RICHMOND, Va. (WRIC) -
A recent report calls out parents as playing "a direct role" in teenage drivers being distracted behind the wheel.
According to the American Psychological Association in a recent report released Friday, they found that "more than half" of teens that were talking on cell phones were actually on the phone with either their mother or father.
For their study, APA researchers interviewed over 400 teen drivers between the ages of 15 and 31, spanning over 30 states. The goal for researchers was to determine why teenage drivers continue to talk and send text messages behind the wheel, despite warnings about the serious hazards of distracted driving.
“Teens said parents expect to be able to reach them, that parents get mad if they don't answer their phone and they have to tell parents where they are,” said Noelle LaVoie, PhD, a cognitive psychologist based in Petaluma, California. The teens also said that their parents use cell phones while driving and that “everyone is doing it,” according to the research, which was funded by the National Institutes of Health.
Distracted driving remains the leading cause of accidents for all drivers. For teens, the figures are more alarming.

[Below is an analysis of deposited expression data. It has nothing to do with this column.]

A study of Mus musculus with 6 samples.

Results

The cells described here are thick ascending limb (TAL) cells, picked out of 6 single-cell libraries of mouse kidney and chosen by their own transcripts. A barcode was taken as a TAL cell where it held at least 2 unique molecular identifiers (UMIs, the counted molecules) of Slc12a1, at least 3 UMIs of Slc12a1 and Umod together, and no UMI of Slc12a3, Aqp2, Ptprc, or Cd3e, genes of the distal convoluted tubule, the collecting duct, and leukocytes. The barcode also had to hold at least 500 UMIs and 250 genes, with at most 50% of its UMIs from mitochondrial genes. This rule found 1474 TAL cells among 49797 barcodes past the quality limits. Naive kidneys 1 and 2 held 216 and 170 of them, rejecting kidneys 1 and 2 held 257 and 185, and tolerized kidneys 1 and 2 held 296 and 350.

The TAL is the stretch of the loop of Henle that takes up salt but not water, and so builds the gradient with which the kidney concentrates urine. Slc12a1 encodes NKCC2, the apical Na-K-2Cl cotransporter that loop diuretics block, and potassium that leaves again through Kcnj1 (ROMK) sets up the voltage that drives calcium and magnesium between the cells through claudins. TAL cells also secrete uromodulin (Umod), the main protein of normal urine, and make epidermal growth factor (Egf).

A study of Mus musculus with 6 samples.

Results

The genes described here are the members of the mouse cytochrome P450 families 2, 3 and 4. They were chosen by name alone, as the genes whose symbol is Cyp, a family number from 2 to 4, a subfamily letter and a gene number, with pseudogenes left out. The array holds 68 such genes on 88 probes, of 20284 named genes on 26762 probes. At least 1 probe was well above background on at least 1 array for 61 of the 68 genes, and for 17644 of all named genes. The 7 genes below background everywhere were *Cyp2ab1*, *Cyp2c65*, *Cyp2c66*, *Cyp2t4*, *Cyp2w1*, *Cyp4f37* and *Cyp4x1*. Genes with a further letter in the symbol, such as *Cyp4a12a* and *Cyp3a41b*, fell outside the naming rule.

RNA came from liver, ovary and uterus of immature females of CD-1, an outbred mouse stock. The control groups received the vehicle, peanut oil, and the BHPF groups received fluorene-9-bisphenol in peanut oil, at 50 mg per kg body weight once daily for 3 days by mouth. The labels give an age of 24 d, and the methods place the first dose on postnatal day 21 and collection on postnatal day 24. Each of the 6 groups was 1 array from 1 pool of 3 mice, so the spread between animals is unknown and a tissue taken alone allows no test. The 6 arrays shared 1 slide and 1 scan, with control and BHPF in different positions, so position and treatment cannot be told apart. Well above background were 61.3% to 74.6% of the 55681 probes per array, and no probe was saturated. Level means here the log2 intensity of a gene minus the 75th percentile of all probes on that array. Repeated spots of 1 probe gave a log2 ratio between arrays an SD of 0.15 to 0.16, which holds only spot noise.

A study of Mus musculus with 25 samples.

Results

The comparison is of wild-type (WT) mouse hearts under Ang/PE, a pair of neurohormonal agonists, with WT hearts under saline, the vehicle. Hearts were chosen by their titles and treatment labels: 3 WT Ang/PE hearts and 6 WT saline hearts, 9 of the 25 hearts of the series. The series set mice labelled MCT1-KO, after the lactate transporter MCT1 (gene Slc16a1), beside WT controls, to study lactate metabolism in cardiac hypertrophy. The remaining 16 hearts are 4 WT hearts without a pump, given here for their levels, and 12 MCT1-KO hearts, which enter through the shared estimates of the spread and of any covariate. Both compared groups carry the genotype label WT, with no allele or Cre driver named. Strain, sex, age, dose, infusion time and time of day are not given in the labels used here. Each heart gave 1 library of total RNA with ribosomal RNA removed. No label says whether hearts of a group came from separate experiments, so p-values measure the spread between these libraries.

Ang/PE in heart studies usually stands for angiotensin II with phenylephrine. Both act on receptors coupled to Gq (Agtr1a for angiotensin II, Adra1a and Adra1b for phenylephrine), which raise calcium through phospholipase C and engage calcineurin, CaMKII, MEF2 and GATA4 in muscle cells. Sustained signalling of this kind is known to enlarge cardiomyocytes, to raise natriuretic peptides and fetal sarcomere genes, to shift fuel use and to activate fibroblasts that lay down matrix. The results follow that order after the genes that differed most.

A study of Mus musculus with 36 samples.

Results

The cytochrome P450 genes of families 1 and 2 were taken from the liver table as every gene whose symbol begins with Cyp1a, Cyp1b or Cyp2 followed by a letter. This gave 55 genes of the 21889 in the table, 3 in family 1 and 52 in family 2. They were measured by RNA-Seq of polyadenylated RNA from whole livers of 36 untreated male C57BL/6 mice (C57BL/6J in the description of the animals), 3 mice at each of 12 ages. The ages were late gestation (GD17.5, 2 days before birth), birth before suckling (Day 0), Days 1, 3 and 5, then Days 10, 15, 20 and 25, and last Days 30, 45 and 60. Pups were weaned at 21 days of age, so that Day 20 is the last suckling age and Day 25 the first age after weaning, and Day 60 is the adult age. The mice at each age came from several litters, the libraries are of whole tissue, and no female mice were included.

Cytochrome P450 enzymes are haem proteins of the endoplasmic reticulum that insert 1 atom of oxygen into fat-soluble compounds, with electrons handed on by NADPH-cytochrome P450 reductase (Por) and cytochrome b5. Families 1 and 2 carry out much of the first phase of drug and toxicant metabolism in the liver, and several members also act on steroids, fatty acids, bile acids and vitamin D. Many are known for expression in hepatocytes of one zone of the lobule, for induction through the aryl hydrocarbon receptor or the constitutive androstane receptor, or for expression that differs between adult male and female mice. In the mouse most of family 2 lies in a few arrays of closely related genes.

National Highway Transportation Safety Administration data shows that distracted driving was the noted cause of 11 percent of fatal crashes and, of those, 21 percent involved cell phones.
A 2013 survey by Liberty Mutual and the nonprofit organization Students Against Destructive Decisions (formerly Students Against Drunk Driving) found that 86 percent of 11th- and 12th-graders use a cell phone while driving, a significant increase from the results of a 2009 Pew survey that found that 43 percent of 16- and 17-year-olds talk on a cell phone while driving and 26 percent text while driving, according to the presentation.
The researchers designed their survey based on in-person interviews with 13 teens, ages 15 to 17, who had learner's permits or driver's licenses. They asked them about typical driving hazards, including talking on a cell phone and texting while driving. Every teen who said he or she talked on the phone while driving talked to parents, while 20 percent said they talked to friends. Among the 395 survey participants, 37 percent of the 15- to 17-year-olds with restricted drivers' licenses and 50 percent of the 18-year-olds with unrestricted licenses said they talked on the phone with a parent while driving.
Researchers concluded that teens were more likely to send messages to friends than parents but, 16 percent of the 18-year-olds surveyed said that they had indeed tested a parent while driving with eight percent of 15- to 17-year olds doing the same.
“Parents need to understand that this is not safe and emphasize to their children that it's not normal or acceptable behavior,” said LaVoie. “Ask the question, ‘Are you driving?' If they are, tell them to call you back or to find a spot to pull over so they can talk.”
Virginia passed a law in 2013 which makes texting while driving a primary offense. Talking on a cell phone remains legal in the Commonwealth.